DENVER – Seahawks defensive end Michael Bennett noticed a little something different against the Broncos, something you don’t always see in a preseason opener.
He thought there were a few more wrinkles than usual from the Broncos’ offense. Maybe a little more of a challenge from their starters, who played 19 plays. But the game plan definitely wasn’t basic, as you'll often see in the first week of the preseason. And that was yet another moment since Super Bowl XLVIII in which it was clear that everyone is now hunting the Seahawks, the defending champs.
“That’s just how it is,” Bennett said after Seattle’s 21-16 loss. “They’re getting us from the beginning, from the preseason on to the rest of the season, it’s going to be like that.”
There are dozens of reasons defending Super Bowl champions fail to repeat, and most champions do fail. It has been especially tough on recent champions. The last time a defending Super Bowl champion won a playoff game was nine seasons ago. You can chalk that up to a lot of different factors (“Maybe because they get pressured by all the questions about it?” safety Earl Thomas wondered, probably rhetorically), and it’s impossible to ignore the history, but the Seahawks don’t seem worried about it.
“Once I’ve tasted that success and got on that level, I never want to go back to where I was,” said Thomas, the Seahawks’ All-Pro safety. “It’s motivation. It’s a big level, and I understand what it takes to get there.”
There’s no question the Seahawks’ roster is good enough to repeat. They were the best team in the NFL over the course of last season. Though, there are some minor concerns. A few injuries have hit early in camp, which is a reason key players like linebacker Bobby Wagner, Bruce Irvin and Malcolm Smith, safety Kam Chancellor, offensive tackle Russell Okung and center Max Unger didn’t play. Running back Marshawn Lynch was also out, but he reported to camp late after a short holdout and the Seahawks didn't want to risk him playing. The shorthanded offensive line gave up too much pressure when Wilson was in the game. The defensive line has taken some depth hits this offseason. Losing receiver Golden Tate as a free agent to Detroit isn’t a positive for an offense that doesn’t have a ton of proven playmakers in the passing game.
Still, everyone believes the Seahawks are at least one of the top few teams in the NFL. To repeat they’ll need to avoid the other roadblocks that trip up many champions, but the players pointed to the veterans in the locker room and the coaching staff preventing anyone from getting comfortable.
“It’s about the leadership,” Bennett said. “We’ve got a lot of older guys who have played a lot of games. I don’t worry about it. What we’ve done, the coaching staff, Pete Carroll and the rest, is talk about the next game. They haven’t talked about last year.”
Carroll has a philosophy built around competing every day, which he thinks will help. His “Always Compete” philosophy might sound corny at times but it definitely has worked. And he thinks the constant focus on winning each particular day will keep the team from thinking too much about the rest of the noise that surrounds defending a Super Bowl title.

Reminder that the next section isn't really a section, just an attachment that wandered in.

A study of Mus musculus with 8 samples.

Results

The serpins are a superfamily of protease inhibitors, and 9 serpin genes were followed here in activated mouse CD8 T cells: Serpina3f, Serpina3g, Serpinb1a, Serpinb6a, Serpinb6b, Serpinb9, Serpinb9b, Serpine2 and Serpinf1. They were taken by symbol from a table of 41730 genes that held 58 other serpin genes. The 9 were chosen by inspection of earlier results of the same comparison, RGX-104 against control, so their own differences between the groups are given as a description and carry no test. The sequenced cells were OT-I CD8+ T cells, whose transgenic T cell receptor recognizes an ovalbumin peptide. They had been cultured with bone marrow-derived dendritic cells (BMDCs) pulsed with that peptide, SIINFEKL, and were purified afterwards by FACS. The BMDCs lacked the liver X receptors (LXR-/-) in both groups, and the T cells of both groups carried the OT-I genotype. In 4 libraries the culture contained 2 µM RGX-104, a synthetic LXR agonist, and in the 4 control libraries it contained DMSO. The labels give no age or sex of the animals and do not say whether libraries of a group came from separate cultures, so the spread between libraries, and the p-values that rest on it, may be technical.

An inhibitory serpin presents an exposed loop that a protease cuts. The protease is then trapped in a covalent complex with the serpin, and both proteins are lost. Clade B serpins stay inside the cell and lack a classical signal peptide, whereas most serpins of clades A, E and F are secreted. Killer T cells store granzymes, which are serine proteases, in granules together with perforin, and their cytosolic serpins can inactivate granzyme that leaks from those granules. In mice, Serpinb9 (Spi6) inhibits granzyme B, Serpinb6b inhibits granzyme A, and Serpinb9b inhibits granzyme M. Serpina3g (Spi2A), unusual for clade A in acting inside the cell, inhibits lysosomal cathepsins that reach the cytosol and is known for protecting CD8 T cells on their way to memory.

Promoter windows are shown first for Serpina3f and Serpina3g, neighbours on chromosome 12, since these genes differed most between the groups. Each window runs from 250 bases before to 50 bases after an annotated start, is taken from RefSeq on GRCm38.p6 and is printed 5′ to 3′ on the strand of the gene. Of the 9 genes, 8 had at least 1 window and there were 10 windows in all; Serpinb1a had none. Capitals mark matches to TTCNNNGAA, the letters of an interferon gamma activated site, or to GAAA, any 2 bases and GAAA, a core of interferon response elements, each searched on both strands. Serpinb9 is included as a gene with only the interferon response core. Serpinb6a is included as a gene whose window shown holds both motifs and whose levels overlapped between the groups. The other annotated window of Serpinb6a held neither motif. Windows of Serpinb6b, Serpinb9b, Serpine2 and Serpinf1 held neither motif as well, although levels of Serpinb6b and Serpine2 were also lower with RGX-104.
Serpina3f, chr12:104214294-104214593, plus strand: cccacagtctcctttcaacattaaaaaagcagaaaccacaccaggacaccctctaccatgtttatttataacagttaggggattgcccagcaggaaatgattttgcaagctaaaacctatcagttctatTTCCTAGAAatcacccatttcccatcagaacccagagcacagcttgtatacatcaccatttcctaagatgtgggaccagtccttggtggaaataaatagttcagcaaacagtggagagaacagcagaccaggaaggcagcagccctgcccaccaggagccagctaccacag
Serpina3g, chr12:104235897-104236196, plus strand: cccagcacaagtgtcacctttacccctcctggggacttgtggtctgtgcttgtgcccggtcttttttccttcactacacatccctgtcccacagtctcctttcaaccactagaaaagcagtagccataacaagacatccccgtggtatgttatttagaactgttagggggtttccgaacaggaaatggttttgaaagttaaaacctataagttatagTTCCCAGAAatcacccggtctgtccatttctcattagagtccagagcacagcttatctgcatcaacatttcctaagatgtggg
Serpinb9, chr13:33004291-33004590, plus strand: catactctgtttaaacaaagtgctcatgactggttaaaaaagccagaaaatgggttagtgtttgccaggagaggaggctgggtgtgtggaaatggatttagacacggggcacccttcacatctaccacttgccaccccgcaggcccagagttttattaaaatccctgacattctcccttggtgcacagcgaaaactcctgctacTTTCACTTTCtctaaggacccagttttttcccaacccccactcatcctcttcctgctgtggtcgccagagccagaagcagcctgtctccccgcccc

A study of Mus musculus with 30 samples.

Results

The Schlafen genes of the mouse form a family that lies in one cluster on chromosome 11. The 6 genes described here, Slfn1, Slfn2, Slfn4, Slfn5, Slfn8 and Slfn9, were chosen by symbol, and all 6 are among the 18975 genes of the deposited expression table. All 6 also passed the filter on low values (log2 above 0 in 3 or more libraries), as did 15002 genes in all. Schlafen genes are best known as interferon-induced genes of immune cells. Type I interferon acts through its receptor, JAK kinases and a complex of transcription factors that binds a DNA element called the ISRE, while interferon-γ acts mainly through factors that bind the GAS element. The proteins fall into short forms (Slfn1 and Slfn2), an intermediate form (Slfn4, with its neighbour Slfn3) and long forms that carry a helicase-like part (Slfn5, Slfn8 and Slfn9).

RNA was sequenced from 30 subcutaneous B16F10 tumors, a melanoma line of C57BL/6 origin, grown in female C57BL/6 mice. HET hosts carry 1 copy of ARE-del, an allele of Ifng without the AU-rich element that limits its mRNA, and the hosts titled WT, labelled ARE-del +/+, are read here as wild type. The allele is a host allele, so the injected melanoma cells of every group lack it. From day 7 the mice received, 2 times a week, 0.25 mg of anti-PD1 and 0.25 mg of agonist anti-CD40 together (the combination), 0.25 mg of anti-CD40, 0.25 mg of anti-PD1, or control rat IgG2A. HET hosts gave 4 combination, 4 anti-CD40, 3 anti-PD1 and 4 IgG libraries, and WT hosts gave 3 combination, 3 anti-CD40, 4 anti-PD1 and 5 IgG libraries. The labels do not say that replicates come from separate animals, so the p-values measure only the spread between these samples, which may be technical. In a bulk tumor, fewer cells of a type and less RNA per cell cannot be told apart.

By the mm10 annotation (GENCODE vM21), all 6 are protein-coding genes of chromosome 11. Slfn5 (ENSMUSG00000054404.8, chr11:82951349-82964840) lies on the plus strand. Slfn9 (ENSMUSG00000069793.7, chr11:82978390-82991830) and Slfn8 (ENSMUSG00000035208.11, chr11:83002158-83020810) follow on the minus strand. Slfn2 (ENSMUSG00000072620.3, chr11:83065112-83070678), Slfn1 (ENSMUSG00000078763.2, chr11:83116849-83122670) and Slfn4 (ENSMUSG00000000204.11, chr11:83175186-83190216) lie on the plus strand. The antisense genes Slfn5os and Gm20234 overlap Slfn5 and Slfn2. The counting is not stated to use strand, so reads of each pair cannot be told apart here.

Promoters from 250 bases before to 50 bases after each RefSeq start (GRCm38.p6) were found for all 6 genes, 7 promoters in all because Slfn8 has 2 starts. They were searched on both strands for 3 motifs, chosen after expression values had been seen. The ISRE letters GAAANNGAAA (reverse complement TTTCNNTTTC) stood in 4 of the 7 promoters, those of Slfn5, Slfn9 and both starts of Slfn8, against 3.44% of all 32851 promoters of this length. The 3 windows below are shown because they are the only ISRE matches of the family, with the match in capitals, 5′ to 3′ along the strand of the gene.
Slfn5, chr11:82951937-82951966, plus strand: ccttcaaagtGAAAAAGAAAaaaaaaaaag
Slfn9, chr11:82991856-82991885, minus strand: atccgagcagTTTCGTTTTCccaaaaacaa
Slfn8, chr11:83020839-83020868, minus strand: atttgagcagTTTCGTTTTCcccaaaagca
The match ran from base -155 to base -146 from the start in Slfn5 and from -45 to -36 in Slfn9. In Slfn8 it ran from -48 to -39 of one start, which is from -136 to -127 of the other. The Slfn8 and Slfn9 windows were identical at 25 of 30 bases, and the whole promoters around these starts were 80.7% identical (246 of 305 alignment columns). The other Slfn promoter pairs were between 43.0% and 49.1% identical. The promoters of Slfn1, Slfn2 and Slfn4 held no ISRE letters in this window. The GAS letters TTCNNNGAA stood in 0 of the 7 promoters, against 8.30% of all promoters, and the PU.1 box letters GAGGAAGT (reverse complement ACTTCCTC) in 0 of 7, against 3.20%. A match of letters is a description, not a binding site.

“Had we just started the conversation now after a championship season, I’d be wondering what was going to happen,” Carroll said when training camp started.
Also, the Seahawks have the type of talent to avoid the Super Bowl hangover. It helps when you have a quarterback in Russell Wilson, entering his third season and already a Super Bowl champion, a running game with Lynch and up-and-coming Christine Michael (who had a couple runs on Thursday night that showed why Seattle is so high on him), a healthy Percy Harvin at receiver and an elite defense. Oh, that defense.
The common refrain from the Super Bowl was that the Seahawks provided a blueprint on how to beat the Broncos’ great offense during last season’s 43-8 Super Bowl victory. That blueprint looks a lot clearer when a secondary that consists of Richard Sherman, Chancellor, Thomas and Byron Maxwell is carrying out the plan. Try that same physical, aggressive approach with other personnel and see what the results are.
“Teams are probably trying to imitate us and do what we do but I don’t think it’s possible,” Chancellor said earlier in training camp. “You can go get guys our size, our speed or whatever but you can’t teach the heart side of it. You can’t teach the ‘want to.’”
Thomas wasn’t too thrilled after the first preseason game. He talked about needing to get into the film room and grade themselves tough after a performance that included some “ups and downs.” He talked about how the team still needs to gel, a process that will take some time. It’s almost like Thomas wanted to will any complacency on the team away with his words.
And it’s great to be overly critical and focus on the improvements that need to be made, but Seattle did have one of the great defenses in recent memory last year ...
“Yeah, that was last year,” Thomas said, looking up as he interrupted the question and pausing for just a beat to get a point across.